This was originally posted on Farland Group’s blog, Voice of the Customer on July 16, 2010.
One of the best blogs on community is Martin Reed’s Community Spark. The blog is good for a few reasons: he has a depth of experience in community building and managing, his blog is educational and prescriptive, and he’s happy to share his expertise. I commented on a post that resonated with me, An open letter to companies planning online communities. In this post, Martin does a great job covering all the points for building a community as well as some of the pitfalls to avoid. Whenever I comment on a post, I always subscribe via email. That way, if the blog writer, or another commenter mentions me and that warrants a response, I can reply.
Even though Martin wrote this particular post in April 2010, 3 months ago, it still receives comments. Just yesterday, Jim added the following comment, “Communities can be a double edge sword, gives a place for customers to complain about your products.” This gave me pause. People will complain about your product whether you have a community or not. If you have products people complain about, they can air their issues on Twitter, Facebook, Amazon, discussion boards, to their friends, to the person next to them on the train, etc. Just ask Apple.
On the other hand, I see two reasons why companies interested in improving their products, services and customer satisfaction should build an online community.
- You don’t have to chase down that complaint. There’s not much a company can do when a complaint is posted on someone’s Facebook wall. If the complaint is in your own community, then you know about it, and if valid, the company can take action internally so there aren’t more complaints like it.
- You have the opportunity to respond to the complaint. If one person is complaining about your product, chances are there are others out there as well. By posting that complaint in your community, it gives you the opportunity to respond with an apology, and allows you to explain how it’s being fixed, or why it’s an issue in the first place.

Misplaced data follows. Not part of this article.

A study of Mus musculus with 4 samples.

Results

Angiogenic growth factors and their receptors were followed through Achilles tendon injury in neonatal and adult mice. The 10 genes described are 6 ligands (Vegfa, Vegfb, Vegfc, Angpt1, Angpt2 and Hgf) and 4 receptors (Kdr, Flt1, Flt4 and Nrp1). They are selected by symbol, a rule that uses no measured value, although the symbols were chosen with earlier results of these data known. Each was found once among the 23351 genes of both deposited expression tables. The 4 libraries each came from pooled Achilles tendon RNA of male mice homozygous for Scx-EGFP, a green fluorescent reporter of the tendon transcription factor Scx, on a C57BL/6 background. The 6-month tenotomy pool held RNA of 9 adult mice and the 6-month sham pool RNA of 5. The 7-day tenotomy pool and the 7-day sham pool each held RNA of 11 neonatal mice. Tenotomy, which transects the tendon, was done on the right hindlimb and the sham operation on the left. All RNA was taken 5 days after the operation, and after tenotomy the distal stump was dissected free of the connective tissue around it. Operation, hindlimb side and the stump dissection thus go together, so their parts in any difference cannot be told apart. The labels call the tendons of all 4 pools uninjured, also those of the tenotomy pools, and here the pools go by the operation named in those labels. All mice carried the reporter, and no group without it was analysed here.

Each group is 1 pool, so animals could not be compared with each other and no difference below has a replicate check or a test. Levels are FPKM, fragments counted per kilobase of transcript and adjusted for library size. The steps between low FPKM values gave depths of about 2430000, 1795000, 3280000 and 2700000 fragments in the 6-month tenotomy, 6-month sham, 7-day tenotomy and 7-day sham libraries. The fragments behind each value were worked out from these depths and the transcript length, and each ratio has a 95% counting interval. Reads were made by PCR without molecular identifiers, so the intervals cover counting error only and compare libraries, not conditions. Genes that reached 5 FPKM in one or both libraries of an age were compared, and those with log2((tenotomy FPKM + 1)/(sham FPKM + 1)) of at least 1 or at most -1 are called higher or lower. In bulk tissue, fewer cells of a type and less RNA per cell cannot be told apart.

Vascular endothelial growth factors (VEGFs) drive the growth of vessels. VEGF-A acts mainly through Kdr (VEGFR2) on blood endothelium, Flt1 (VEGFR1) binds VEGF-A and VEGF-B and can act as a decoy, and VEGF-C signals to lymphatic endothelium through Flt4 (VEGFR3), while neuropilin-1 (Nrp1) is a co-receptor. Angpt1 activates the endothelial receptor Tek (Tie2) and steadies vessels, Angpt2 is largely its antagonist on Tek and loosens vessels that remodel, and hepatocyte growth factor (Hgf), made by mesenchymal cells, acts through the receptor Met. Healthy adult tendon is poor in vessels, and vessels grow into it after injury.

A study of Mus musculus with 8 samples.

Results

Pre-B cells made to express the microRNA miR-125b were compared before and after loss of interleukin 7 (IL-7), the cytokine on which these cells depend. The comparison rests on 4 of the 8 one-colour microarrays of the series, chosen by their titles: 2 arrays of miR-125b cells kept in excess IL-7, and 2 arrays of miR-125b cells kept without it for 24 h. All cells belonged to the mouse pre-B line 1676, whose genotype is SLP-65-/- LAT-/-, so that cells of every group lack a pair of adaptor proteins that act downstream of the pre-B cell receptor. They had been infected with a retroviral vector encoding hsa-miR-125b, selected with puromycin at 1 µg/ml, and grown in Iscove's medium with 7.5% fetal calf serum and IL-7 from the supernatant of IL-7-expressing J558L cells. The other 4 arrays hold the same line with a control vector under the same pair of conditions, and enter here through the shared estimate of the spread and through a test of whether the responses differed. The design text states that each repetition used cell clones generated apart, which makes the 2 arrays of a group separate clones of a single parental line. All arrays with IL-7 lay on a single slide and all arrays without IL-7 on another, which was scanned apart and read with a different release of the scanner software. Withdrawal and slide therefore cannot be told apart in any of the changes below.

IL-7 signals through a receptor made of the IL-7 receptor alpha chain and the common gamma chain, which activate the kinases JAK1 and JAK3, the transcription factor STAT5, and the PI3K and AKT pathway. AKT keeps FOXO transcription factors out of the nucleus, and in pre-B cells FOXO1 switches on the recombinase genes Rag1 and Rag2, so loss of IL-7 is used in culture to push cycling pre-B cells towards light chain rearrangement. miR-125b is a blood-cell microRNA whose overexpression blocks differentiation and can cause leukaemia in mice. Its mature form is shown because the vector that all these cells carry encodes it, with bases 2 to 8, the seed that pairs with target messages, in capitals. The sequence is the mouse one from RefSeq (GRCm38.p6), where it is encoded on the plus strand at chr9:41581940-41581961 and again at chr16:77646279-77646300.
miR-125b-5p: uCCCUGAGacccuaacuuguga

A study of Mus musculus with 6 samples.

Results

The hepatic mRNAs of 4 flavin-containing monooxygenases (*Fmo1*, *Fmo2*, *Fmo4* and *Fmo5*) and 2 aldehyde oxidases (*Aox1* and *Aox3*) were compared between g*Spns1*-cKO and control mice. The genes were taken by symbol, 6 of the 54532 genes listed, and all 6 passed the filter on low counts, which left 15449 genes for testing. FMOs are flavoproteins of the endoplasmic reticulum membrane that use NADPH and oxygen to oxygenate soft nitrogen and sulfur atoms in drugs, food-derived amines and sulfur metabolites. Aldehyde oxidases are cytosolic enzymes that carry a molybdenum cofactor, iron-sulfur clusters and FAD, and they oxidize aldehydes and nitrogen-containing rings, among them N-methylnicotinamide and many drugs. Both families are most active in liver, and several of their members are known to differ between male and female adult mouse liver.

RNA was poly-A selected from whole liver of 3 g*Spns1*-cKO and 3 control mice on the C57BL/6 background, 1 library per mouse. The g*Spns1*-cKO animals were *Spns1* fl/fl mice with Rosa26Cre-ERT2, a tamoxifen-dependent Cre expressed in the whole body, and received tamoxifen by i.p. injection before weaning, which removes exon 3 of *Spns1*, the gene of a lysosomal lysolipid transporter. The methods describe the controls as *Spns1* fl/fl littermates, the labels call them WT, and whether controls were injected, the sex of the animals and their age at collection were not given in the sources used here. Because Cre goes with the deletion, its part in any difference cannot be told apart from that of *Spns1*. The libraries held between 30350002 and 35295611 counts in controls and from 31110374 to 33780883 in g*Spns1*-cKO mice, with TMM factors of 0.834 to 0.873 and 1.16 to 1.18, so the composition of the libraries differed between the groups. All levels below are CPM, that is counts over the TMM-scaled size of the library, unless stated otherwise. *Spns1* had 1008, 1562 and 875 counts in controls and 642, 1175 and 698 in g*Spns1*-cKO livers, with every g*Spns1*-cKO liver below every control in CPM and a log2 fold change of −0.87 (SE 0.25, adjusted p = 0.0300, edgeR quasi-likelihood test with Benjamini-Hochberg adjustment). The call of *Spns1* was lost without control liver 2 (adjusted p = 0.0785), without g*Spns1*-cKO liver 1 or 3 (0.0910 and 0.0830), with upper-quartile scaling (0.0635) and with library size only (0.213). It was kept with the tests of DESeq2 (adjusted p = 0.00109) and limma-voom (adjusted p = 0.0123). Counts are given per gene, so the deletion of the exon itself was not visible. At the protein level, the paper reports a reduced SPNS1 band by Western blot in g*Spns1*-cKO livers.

Now, I know there are sadly plenty of companies out there who know their products aren’t good and there are so many issues to fix, and they don’t want to hear from their customers. I also know there are many who still can’t quite grasp the fact that providing no answer is much worse than telling a customer that the issue is real and the company is working to address it (or can’t fix it and here’s why.) My advice to those folks who want to control the community message but are afraid of negative comments is, focus on your business issues first, then think about starting an online community.
For those who want to improve your products, want to hear what your customers say and want to be able to respond, but are still concerned about negative comments – do it anyway. Prepare yourself by sitting in a room with the customer support folks, the sales folks and others who have direct interaction with the customer and ask them what the complaints are. Write those down, and create real and honest responses to them. While you might not be able to capture all of the expected complaints, you’ll come close. You’ll realize that you can handle the issues and addressing them will benefit your business by making your customers realize you’re listening and responding.
Image used under Creative Commons from ronploof.